West indian culture

What to bring to Friendsgiving | Culture


As someone who didn’t start cooking until my sophomore year in college, I understand how daunting recipes can be, especially when you don’t have a fully equipped kitchen. The great thing about cooking is that you don’t have to know it all or have it all to get started. It’s not as hard as it looks, and the payoff is better than dinner at Case.

Luckily, Friendsgiving is just around the corner and it’s the perfect opportunity to give the kitchen a boost with these recipes. From baked meals to hot soups, these meals will keep you and your friends warm and cozy this fall.

cooked spaghetti

Baked spaghetti has been my favorite dinner lately. It’s quick and easy, so you can do it after a long school day without much effort. The recipe linked above makes six servings, so you make it once and it’ll last a few days, or you can bring it to Friendsgiving to share with everyone.

It is also a versatile dish. You can make it with ground turkey, ground beef, or forego the meat altogether and make it vegetarian with ingredients like mushrooms, zucchini, or more.

Potato gratin

The best part of Thanksgiving is the sides, and a beloved classic is potato gratin. This is one of my favorite recipes because it combines two of my favorite things: cheese and potatoes. Like baked spaghetti, there’s enough to serve a crowd and can make any fall potluck a little more full.

This recipe is incredibly simple and doesn’t require a lot of ingredients. For students who haven’t cooked much and aren’t comfortable with complex steps, this recipe is perfect because it’s hard to go wrong.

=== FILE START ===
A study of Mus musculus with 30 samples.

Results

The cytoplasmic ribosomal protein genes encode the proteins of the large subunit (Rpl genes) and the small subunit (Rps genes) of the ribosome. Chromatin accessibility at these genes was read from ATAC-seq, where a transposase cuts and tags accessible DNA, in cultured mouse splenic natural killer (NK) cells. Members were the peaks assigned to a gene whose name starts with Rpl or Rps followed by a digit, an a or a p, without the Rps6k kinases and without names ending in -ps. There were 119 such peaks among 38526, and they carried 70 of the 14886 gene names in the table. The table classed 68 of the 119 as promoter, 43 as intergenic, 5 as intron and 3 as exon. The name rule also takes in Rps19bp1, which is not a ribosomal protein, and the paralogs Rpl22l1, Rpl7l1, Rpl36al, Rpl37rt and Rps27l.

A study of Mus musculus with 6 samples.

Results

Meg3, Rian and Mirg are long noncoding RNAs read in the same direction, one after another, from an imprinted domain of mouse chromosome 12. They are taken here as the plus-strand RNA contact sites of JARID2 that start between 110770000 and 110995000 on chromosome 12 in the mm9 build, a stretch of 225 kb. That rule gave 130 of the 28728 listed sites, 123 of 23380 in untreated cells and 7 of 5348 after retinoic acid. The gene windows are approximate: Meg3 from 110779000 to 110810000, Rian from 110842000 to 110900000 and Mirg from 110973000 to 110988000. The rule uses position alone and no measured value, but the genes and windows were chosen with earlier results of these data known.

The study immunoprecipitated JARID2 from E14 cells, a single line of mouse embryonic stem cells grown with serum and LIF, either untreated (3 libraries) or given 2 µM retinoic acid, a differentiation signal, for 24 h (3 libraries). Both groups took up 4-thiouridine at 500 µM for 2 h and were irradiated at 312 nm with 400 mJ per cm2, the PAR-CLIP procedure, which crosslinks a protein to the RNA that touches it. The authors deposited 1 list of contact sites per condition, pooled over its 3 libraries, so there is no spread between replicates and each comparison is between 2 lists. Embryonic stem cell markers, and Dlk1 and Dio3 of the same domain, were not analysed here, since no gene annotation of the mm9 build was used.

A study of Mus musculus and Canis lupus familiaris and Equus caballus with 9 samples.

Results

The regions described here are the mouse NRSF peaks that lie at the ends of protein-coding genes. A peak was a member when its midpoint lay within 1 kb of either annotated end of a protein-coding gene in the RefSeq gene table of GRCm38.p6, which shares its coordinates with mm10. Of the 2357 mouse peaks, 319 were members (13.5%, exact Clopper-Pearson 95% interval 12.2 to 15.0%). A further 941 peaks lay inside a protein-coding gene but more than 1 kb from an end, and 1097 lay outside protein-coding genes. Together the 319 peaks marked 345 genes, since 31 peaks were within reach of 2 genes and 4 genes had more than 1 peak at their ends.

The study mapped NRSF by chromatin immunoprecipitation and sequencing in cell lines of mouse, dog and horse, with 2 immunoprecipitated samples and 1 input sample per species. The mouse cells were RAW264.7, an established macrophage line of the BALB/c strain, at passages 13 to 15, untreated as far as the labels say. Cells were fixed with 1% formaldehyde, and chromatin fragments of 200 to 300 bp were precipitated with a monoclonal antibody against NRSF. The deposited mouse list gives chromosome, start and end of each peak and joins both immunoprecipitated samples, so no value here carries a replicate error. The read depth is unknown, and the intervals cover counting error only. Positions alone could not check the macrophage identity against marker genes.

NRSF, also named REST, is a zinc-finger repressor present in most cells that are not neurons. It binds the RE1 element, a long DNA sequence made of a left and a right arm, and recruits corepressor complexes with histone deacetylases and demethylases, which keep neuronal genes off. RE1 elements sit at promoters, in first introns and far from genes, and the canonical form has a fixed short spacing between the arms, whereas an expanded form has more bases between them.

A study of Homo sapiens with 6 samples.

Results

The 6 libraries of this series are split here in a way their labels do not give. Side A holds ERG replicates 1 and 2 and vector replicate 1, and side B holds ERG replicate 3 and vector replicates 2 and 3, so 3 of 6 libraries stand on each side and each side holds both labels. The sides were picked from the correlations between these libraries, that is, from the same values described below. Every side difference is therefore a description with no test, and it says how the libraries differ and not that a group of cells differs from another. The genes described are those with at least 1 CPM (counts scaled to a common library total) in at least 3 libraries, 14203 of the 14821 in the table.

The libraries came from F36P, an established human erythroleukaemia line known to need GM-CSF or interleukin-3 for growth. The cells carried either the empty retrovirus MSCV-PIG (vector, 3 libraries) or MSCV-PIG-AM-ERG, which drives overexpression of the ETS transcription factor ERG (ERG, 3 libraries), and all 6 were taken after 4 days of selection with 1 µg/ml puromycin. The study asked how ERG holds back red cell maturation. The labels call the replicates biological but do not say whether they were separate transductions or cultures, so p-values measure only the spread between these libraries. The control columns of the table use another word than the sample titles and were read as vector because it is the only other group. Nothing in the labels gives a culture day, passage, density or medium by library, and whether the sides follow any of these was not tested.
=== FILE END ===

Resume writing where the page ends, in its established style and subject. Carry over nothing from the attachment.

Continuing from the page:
Hearty Potato Soup

When it’s cold outside, you need a recipe that will fill you up. Like the best winter meals, a bowl of soup acts as your personal heater, and this potato soup recipe does the job. It’s good enough to eat on its own, but you can make it even heartier by pouring it over rice. Last year during the Winter Olympics, it was my go-to to eat wrapped in fuzzy blankets in front of the TV. It’s easy to make a big batch with lots to make and will go great with your Friendsgiving buns or as a side to your turkey entree.

Butter chicken

Thanksgiving food has almost everything except spices. This Indian butter chicken dish is great when it’s colder because it warms you up just like potato soup. Like the others, this dish also makes enough for everyone and will bring a different flavor to a traditional Friendsgiving.

Doing it yourself allows you to control the spice level. It’s not as easy as baked goods and requires marinating the chicken the day before, but the results are worth it, and Thanksgiving is made for cooking all day.

If some of them seem a bit more laborious for a beginner, don’t worry. There are countless cookbooks specifically focused on simplicity, perfect for full-time students. Sweater time is the perfect time to open one up and enjoy the extra time inside.

If you are looking for recipes with fewer ingredients, this Food52 cookbook is for you. If your goal is to spend as little time as possible in the kitchen, this America’s Test Kitchen Cookbook is all about quick recipes. Finally, if you just want some basic classic recipes, this cookbook by tanorria askew offers good dishes including potatoes au gratin and potato soup.